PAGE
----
AWARENESS; Awareness is the ability to directly know and perceive, to feel, or to be cognizant of events. More broadly, it is the state of being conscious of something.
It doesn’t matter if I am working with owners, executives, entrepreneurs or front-line employees, it is amazing how few people are able to self-reflect. You must be completely comfortable in your own skin but understand how you come across to others. Being arrogant, condescending, and egotistical demonstrates your lack of confidence.
Being aware of how you affect others will dramatically help you grow in your organization. Lately I have been very aware of my team members and how they engage with others. I challenge everyone on my team to look at how they contribute to the team, affect the team and what the overall goals should be.
This awareness can be very humbling to some who don’t realize that a lack of positivity that comes across when you don’t smile or engage in conversation. Taking responsibility for your job means that you are aware of where you need help, feedback and coaching so that you are not always stressed out. Acting as a prima donna who is untouchable also shows a lack of awareness.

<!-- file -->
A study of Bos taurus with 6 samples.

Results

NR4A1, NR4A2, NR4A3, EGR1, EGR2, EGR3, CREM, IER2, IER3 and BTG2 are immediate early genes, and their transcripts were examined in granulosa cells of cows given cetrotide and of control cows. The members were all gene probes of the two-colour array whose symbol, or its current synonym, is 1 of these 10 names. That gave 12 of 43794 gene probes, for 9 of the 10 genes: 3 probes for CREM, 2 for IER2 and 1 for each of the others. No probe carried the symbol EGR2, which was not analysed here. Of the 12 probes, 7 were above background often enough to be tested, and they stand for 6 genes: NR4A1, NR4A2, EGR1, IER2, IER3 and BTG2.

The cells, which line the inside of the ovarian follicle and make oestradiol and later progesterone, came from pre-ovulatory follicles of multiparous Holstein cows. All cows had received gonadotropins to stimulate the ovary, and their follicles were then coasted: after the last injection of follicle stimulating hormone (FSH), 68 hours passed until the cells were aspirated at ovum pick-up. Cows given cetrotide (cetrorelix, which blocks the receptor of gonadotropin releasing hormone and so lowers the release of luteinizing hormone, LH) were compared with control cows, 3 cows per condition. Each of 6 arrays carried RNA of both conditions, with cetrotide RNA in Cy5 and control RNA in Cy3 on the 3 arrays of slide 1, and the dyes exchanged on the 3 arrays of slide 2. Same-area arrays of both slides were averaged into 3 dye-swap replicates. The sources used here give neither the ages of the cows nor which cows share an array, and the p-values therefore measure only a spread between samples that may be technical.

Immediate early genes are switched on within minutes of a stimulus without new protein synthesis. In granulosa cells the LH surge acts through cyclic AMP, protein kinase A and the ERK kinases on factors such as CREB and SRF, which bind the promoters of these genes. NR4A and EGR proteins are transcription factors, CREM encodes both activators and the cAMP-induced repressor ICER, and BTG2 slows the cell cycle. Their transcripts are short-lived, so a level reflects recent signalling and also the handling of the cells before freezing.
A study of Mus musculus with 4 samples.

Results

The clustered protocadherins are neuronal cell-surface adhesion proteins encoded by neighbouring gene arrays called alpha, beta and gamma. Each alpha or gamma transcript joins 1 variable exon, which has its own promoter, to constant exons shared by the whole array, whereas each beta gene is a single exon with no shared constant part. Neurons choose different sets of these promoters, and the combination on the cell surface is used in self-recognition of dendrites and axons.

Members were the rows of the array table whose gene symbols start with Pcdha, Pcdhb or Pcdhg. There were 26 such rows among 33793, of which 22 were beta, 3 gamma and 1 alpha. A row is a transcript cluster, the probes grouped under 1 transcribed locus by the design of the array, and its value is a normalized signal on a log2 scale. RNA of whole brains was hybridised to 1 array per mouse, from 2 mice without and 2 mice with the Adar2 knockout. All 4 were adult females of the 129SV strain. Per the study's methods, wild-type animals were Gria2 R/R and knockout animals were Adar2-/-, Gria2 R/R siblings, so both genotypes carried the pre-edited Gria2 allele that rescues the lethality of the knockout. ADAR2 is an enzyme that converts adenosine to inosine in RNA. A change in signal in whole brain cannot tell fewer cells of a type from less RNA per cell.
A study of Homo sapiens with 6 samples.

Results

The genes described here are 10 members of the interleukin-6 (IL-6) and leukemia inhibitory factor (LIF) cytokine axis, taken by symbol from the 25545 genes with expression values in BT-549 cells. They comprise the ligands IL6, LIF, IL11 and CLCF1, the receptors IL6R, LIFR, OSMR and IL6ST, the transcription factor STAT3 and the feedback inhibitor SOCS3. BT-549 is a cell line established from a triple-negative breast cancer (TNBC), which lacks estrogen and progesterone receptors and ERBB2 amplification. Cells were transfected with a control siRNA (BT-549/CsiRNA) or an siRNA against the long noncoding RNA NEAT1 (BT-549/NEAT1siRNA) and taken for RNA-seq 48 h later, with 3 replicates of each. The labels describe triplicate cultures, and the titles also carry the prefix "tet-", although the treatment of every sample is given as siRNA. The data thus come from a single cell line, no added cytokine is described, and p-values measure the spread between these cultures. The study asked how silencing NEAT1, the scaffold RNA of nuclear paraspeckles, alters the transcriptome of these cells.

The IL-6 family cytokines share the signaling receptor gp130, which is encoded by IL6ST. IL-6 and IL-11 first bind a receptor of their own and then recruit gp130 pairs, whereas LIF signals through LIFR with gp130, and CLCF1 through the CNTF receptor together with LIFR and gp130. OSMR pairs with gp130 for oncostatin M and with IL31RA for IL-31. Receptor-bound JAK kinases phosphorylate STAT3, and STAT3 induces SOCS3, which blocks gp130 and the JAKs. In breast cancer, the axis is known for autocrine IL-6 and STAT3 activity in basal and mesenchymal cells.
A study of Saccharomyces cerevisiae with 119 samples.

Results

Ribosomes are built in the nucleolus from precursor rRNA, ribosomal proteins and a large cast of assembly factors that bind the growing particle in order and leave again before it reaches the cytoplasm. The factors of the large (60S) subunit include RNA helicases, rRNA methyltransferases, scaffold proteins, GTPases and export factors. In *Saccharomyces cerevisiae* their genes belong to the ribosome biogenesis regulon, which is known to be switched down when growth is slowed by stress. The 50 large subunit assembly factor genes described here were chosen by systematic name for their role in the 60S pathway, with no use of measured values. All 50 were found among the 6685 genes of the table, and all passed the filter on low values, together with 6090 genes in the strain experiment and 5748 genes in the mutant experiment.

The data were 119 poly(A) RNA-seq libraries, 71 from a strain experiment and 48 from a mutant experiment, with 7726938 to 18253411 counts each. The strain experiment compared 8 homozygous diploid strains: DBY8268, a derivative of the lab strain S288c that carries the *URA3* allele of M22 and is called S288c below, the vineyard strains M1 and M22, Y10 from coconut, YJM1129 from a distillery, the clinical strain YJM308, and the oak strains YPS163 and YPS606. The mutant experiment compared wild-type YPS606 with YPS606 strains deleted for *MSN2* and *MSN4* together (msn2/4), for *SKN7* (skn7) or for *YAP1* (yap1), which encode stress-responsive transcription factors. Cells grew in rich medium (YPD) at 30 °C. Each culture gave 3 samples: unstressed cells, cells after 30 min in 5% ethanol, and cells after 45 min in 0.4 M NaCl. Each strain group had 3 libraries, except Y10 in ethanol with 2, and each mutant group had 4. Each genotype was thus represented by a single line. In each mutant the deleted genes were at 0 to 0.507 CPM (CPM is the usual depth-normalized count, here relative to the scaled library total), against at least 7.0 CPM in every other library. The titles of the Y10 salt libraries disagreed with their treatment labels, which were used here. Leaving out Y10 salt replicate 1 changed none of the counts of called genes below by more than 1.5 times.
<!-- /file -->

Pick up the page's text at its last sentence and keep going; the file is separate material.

Being aware is systemic. Your belief systems, your values, and even the way you were raised can cause you to ignore patterns of behavior that may not be that positive. If you are aware and listen to feedback you will less likely be insecure and become more confident.
Everyone can improve their self-awareness throughout their life if they want to. If you seek out feedback and coaching from those closest to you, you will dramatically improve your behavior. It is liberating to know that you are growing and learning how to get better and what drives people crazy about you.
As a trainer and speaker, I always must be self-aware because I get candid feedback daily from our sessions and keynote speeches. Did they like what I said? Did I come across genuine? Did they learn something new? If we receive any negative feedback, we cannot discount that. We must speak to our clients and ask exactly what the feedback meant and how we can improve in the future. Most people don’t have the guts to take this head on, and yet we do it, daily.
Focusing on self-awareness is empowering and you should never fear what the reflection tells you or how deep you need to go. Without actions to support your self-reflection results, you might as well have not asked for the feedback in the first place.
Start working on self-improvement by first digging deep into your motivation. Why should you even care? What will the awareness help me improve at? How can I empower those around me to be more aware as well?